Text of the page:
A rough passage, a deepened respect

July 2003

By Dodge Morgan

The deep sea is the most pervasive wilderness of all existence on earth, wilder than a mountaintop or a backwoods river or a desert barren or an untouched timberland. The deep sea is intensely and uniquely wild by virtue of its expanse and by the range of its moods and by its unpredictability. The deep sea coddles in its gentle moods and awes in its turbulent moods.

By its very nature, the sea delivers a lesson in humility so invasive and so intense that it burns into the human soul just how vulnerable and how insignificant we all are. We are imbued with an awareness of how meek is our place under nature’s realm. The lesson makes a mockery of human arrogance and transposes any conclusion that we are individually in full control of anything into a weird concept.

Four of us sailed Wings of Time from Tortola to Maine, May 24 to June 4. We normally hold solo watches, three of four hours during daylight and four of three hours during darkness. The passage from Tortola to Bermuda was classically easy, two days of reaching on the easterly trades, a few hours of coping with variable winds and a finish on brisk breezes from the southwest. Four days and 13 hours to cover the 845 nautical miles.

Long-range weather forecaster Susan Gennett predicted a heavy-weather westerly component in our passage from Bermuda to Maine, a prognosis for westerly winds of 40 knots with gusts to 50. We set a course well west of our rhumb line to avoid a cold eddy, to cross the Gulf Stream at a narrow point and to put the higher winds on or behind our beam. Wings was the only boat to depart Bermuda on Thursday May 30, as sensible others hunkered down in wait for the frontal passage.

An easy 20-knot southwest wind fed our progress for a day. Then the wind accelerated to 35 or 40 knots. Our mainsail furling system operated hesitantly, so we carried 40 percent of that sail with a deeply reefed jib and watched the boat speed hold steady at 7.5 knots. By late Saturday the wind came right out of the west, 40 to 45 knots of it, still an easy job for Wings and her crew. Dinner was enhanced by wine and bad jokes.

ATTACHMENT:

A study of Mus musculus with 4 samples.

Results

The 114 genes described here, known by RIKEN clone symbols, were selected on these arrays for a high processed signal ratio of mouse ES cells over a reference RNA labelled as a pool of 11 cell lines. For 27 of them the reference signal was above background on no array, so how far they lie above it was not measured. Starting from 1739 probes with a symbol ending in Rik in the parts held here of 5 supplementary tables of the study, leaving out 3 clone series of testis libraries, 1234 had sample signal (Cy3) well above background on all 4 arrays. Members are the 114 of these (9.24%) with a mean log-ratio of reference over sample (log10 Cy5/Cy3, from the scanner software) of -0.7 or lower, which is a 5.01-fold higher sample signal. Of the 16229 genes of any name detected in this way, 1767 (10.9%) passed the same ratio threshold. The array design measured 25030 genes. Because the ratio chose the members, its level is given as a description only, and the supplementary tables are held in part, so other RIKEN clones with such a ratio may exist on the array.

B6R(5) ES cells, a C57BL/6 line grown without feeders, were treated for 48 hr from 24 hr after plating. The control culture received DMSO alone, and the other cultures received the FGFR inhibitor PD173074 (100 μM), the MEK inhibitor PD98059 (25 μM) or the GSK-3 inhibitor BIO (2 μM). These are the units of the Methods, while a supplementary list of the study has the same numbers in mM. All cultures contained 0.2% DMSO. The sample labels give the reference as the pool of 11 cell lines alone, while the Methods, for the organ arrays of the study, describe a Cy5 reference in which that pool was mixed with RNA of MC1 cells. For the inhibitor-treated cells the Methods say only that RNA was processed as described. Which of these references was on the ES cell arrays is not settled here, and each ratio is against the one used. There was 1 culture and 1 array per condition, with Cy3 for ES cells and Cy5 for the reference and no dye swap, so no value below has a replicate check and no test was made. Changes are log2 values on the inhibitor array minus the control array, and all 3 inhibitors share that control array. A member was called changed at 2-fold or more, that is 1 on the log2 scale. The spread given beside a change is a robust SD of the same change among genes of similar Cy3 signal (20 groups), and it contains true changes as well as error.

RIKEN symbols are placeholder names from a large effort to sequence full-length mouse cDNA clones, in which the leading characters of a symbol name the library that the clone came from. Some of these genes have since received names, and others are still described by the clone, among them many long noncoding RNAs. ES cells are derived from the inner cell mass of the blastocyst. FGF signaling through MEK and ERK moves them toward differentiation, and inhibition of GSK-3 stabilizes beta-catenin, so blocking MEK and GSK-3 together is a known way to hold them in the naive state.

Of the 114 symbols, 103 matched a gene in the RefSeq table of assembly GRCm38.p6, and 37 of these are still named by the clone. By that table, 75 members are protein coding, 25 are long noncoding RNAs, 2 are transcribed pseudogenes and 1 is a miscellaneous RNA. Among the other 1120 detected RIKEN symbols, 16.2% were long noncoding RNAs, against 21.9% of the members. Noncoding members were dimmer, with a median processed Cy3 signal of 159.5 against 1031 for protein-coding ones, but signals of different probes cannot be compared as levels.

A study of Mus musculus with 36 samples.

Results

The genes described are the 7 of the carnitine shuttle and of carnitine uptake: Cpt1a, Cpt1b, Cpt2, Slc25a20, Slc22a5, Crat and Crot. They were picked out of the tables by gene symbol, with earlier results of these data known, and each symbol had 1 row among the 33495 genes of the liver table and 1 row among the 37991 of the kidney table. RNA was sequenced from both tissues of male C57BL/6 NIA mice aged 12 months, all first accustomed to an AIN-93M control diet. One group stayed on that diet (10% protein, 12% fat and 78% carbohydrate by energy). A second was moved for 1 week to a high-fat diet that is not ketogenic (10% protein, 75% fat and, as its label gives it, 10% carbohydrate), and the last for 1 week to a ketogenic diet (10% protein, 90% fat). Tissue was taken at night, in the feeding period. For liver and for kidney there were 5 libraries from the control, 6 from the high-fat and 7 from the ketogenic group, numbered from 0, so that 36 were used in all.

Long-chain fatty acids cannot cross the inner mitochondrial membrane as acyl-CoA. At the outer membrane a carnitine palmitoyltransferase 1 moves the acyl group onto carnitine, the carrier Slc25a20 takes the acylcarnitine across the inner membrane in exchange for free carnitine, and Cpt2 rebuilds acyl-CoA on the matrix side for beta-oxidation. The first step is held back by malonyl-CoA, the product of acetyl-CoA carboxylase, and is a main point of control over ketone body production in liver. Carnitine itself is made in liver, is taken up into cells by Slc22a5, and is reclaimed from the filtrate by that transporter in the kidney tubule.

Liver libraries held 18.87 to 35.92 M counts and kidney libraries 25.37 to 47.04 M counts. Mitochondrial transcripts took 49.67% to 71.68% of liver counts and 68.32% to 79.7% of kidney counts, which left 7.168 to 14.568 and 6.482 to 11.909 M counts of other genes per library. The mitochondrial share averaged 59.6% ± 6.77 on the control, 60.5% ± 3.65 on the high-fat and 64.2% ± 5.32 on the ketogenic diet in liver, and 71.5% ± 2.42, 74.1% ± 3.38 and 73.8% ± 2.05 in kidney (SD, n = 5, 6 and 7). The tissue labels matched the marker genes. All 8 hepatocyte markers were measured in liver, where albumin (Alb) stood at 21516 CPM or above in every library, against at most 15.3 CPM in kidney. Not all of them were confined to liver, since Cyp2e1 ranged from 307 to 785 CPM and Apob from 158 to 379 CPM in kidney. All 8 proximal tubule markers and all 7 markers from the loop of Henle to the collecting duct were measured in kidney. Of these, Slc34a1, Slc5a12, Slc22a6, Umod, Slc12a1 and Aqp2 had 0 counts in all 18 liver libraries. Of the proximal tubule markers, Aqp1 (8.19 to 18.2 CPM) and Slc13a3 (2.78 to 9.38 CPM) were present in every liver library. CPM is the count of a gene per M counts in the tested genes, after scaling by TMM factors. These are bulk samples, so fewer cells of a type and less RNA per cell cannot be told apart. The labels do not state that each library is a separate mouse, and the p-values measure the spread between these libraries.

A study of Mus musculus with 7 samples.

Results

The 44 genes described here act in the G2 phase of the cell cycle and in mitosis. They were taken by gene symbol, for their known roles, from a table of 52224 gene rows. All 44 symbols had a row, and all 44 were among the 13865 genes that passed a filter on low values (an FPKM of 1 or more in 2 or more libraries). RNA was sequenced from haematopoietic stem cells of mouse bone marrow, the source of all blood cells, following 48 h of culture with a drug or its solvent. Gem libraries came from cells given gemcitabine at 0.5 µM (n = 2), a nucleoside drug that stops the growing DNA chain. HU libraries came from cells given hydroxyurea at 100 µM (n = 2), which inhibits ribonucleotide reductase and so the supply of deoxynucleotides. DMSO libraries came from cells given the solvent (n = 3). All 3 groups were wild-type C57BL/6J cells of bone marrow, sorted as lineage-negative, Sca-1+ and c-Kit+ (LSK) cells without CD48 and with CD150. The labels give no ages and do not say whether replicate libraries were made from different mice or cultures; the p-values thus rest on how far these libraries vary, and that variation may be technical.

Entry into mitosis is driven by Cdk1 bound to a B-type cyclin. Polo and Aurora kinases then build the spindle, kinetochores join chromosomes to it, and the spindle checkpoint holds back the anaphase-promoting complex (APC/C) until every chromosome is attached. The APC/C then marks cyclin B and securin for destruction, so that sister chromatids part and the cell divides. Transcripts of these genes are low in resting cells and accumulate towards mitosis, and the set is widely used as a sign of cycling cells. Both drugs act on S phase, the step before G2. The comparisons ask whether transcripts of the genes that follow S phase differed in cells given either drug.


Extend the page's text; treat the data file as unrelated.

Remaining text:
As Sunday dawned we saw the wind harden and settle into 10-minute cycles of 50 to 55 knots then 60 to 65 knots just as we were entering the Gulf Stream. Seas in the “Blue God” lifted and crowded together as usual, but there was no denying that the force 11 wind would be showing us more of that. The mainsail blew out, too much of it out and too many miles on it. We furled the tatters in manually.

Within hours the seas built to 25 feet at about 90 feet apart. The tops crested with 3-foot breakers. Solid water boiled over the decks, occasionally filling the cockpit, floating the teak floor grates and spilling below through the canvas hatch cover. The boat leaned over 60 degrees on the front side of the abnormally steep waves. Not much remained dry.

They were the most severe weather conditions I had experienced in my eight years with Wings, and even began to bear comparison to sailing conditions in the Southern Ocean during my solo non-stop circumnavigation in ’86. Wings did not express any serious tendency to break out of control and her helm remained actively engaged even in the near knockdowns.

When we noted that the boat was not over-challenged, we were able to enjoy the awesome power and brute beauty of the storm as direct witnesses.

We sailed up to Handy Boat Company’s float 110 hours after departure. This was not a cruise one would sell to the tourist trade, but it was for us a thrilling time of wonder. And another lesson in humility delivered by the deep-sea wilderness.

Dodge Morgan broke all sorts of records when he single-handed American Promise around the world without stopping in 1985 and ’86. He lives on Snow Island in Harpswell, Maine.